Many years has past by but Mehrjui still feels most confident when dealing with psychological issues. He has been quite busy in the nineties. Amongst his most notable films there is the trilogy Sara (1993), Pari (1995) and Leila (1996). All these are female names in Persian.
Pari is a student of literature at one of the Tehran universities. She is a confident yet angry person who is projecting her inner struggle by outwards aggression towards her tutor, her fiancé and her brother. She is on the verge of a nervous breakdown. We can only imagine what has been the force behind her mental suicide. Things do clear up as the movie proceeds and all the bits fits nicely in place. Mehrjui gives us the answers we crave for but he will not slam it in our face. There is a certain, subtle level of gratitude for the audience to be felt as he/she entangles the web.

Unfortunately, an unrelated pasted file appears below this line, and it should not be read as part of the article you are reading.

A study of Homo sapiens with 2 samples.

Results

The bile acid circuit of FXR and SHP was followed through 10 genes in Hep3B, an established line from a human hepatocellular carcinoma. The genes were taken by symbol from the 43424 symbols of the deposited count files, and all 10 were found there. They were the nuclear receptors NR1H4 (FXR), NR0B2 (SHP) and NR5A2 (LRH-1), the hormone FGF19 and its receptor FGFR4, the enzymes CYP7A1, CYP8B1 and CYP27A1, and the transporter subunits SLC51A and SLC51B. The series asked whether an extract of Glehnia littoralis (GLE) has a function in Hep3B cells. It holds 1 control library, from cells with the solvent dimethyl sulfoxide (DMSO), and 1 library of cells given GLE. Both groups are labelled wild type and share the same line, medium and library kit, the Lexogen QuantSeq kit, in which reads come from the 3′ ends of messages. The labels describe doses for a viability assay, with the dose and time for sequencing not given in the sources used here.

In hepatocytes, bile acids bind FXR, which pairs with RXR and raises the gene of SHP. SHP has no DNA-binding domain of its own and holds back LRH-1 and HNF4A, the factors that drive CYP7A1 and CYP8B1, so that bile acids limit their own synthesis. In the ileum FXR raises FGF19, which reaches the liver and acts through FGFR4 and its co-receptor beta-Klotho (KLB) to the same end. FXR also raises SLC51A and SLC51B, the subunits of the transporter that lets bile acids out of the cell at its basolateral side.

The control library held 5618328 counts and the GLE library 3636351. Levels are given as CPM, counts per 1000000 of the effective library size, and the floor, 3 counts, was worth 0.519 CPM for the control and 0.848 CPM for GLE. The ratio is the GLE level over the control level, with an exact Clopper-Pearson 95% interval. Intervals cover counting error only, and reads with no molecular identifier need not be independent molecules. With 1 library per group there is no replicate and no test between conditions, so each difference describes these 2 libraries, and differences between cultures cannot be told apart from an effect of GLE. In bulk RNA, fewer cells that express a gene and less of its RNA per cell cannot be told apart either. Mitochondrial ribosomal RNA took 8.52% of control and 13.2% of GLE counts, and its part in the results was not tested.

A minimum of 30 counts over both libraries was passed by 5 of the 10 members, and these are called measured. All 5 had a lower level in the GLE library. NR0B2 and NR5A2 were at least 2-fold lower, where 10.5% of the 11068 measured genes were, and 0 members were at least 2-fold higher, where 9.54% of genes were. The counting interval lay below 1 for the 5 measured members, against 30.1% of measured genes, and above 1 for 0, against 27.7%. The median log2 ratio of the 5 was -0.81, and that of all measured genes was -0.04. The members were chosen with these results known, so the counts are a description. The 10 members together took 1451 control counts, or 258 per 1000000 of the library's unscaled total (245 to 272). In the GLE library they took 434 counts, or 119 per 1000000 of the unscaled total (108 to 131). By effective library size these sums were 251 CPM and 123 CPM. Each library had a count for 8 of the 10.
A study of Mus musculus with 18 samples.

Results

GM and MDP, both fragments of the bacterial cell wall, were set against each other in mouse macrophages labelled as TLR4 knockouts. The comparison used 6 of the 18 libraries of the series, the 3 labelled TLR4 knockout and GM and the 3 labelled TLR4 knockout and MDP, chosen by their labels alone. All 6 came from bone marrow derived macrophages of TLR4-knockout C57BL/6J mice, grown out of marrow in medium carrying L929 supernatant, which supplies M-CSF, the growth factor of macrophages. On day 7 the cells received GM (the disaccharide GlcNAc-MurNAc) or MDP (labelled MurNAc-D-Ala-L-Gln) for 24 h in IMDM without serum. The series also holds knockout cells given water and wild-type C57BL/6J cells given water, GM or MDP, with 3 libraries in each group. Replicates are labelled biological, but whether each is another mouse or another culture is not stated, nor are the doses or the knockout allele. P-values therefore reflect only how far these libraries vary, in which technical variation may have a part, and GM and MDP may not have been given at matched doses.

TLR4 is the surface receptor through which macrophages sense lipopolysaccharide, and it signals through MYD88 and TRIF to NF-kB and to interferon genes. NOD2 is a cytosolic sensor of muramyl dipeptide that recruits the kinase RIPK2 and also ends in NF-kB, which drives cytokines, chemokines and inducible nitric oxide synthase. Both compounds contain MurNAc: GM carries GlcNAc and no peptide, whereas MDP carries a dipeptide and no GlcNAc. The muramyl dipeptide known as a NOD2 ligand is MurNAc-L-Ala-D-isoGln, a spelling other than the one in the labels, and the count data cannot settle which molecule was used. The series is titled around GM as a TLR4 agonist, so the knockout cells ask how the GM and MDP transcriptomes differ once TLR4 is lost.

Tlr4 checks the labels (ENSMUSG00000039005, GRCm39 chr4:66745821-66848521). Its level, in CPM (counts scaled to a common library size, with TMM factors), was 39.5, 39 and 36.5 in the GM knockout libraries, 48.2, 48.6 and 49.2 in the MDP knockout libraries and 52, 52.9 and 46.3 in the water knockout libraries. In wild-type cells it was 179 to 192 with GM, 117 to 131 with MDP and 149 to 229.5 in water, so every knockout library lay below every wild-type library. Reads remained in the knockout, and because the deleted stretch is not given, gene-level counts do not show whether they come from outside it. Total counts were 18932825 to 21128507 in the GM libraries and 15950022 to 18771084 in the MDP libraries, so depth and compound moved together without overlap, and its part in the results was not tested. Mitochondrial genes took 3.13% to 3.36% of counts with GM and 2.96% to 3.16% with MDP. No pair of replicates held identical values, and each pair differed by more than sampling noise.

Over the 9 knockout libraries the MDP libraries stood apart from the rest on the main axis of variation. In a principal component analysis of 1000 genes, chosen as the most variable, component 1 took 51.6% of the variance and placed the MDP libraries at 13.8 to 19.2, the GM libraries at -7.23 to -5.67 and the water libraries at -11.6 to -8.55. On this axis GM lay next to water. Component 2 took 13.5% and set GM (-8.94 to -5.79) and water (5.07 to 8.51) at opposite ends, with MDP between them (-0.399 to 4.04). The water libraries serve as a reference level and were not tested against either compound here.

Pari is in a quest. She is burdened by a strange mix of divine heritage and guilt for which she is not fully equipped. Pari is the tool Mehrjui utilises in order to pierce the Persian mystique. A blend of Sufism, religion and literature. All in a holy quest for salvation. We only never know from what!
The visual splendid of the film is a joy. The cinematography is behind any complaints. The editing is at times very pleasing although there is some abrupt and unwarranted cuts and bruises. Mehrjui directs his actors with a clear vision of what he wants to achieve and there is indeed some very fine performances by all the main actors.
To wrap this up. Pari is a film I warmly recommend you to see. This is not a masterpiece as such. This is not the classic people will talk about in 20 years time. But for anyone who has learned to enjoy the enigmatic movies of Iran, this will be nothing short of pure enchantment.